One of the amazing aspects of our Covid response has been the way in which our Fareshare community food members (CFMs) – the over 150 community groups who take the food we supply – have stepped up for their communities. We have been able to shift so much food because they have been able to get it the ‘last mile’ into their communities and to the people who need it most. We could not be shifting 50 tonnes of food a week, 5 times our normal levels, if they were not plugged into their communities and connected to the people who need support.
There’s lots of evidence that community life doesn’t just happen; it needs one or more anchor organisations to be the catalyst for activity and connection. These organisation aren’t all the same. They can be focused on very different things. They can be a bowling club, a youth club, a church, a community centre, a community garden, a tenant’s group, a housing association – any one of the myriad of different groups which gather people together on a regular basis. They don’t need to organise everything nor do people in their community need to ask their permission to do things. But having at least one organisation that is paying attention to what’s happening locally and responding when needed is central to a community having the capacity to be a connected place where people feel they belong. Many of our CFMs play this role in their community. It’s why we were able to get so much food to so many so quickly; we already had the network in place to do it.
One example of an anchor organisation is Goodtrees Neighbourhood Centre in Moredun. It does an incredible amount of work for all age-groups, a great deal of which is done by volunteers. It is not just the activity which makes it an anchor organisation, but the way in which it is the glue of the community. In response to Covid, the team there have been delivering sometime 500 plus meals a day – because they know who the people who are in need are.
Alongside the food from our FareShare depot and Community Cook School, our mediation and support teams are hosting workshops and providing activity packs for families. And that’s only one part of what the Goodtrees team are doing. It’s a whole service for all the people.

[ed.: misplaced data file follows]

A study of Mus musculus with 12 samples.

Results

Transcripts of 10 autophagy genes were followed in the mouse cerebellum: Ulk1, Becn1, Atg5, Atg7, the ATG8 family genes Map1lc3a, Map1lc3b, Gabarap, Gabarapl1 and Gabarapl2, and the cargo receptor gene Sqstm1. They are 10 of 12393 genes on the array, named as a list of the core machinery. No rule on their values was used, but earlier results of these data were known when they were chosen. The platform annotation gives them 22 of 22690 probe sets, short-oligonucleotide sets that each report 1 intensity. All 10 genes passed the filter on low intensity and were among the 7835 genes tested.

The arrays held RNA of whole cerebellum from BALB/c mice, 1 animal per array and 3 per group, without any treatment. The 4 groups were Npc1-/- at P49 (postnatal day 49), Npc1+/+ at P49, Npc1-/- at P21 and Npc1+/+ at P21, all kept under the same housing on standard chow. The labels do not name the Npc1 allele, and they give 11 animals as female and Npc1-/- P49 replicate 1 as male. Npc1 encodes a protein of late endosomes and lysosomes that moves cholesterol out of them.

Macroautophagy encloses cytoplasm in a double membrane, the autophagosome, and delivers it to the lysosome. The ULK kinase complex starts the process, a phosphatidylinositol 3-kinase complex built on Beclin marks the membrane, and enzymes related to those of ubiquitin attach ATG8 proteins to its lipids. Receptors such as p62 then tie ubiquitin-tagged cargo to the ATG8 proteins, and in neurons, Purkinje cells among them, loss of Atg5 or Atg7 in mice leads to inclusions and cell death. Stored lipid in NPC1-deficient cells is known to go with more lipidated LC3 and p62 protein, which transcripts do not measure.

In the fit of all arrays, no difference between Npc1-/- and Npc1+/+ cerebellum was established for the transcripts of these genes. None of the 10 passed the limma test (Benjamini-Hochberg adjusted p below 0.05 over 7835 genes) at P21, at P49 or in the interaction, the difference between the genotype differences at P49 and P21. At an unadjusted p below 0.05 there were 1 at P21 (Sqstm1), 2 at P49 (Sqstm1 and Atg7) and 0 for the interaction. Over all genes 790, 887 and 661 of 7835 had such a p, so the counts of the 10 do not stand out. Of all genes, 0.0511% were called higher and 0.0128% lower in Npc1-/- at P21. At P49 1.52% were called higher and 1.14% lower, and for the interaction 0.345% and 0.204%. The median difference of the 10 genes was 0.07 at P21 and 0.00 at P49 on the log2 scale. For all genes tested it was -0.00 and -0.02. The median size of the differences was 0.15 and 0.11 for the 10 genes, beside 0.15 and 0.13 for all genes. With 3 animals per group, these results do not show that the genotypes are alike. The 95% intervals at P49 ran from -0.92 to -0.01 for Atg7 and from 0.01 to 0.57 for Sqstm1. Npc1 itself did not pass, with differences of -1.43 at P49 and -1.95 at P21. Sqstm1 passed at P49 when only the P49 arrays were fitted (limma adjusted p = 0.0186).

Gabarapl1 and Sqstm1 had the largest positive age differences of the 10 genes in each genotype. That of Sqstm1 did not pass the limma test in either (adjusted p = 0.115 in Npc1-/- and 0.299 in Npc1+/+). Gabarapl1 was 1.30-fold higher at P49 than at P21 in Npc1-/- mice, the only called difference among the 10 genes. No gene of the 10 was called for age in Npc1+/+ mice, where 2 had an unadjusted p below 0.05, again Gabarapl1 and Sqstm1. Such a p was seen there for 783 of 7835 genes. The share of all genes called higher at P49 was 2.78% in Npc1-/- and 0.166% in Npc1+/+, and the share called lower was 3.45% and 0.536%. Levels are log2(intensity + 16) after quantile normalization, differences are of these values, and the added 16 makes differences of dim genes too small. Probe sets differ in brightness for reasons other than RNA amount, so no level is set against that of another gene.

Yet at the same time, they are having to campaign for funding because their Council grant was cut. Their young people posted a video calling for help which really struck a cord with me.
I know the City Council have had to make some tough choices recently but there does seem to be an imbalance over where funding goes. North Edinburgh received 71% of funding whereas South Edinburgh, with 8 of the poorest areas in the city, received only 29%.
I’d encourage the Council to look at the impact of their funding programme differently. At present, it’s done by competitive bidding with no account of the spread across the city. This crisis has shown how there is a need for every community to have an anchor organisation or even two. How about funding is broken down over, say, neighbourhood partnership areas ,so there is more chance of making sure every area has at least one organisation like Goodtrees to be the ‘glue’ of the community, and funding them to play that role as well as the activity they do as a ‘day job’? Like our network of CFMs, the city would be building in a resilience into its communities, ready to respond, taking whatever was needed in a crisis the ‘last mile’. Who knows local needs better than local people themselves? Such an approach would go some way to removing the disparities of funding distribution in the city and make sure places like Goodtrees Neighbourhood Centre were supported and valued for the lifesaving work they do.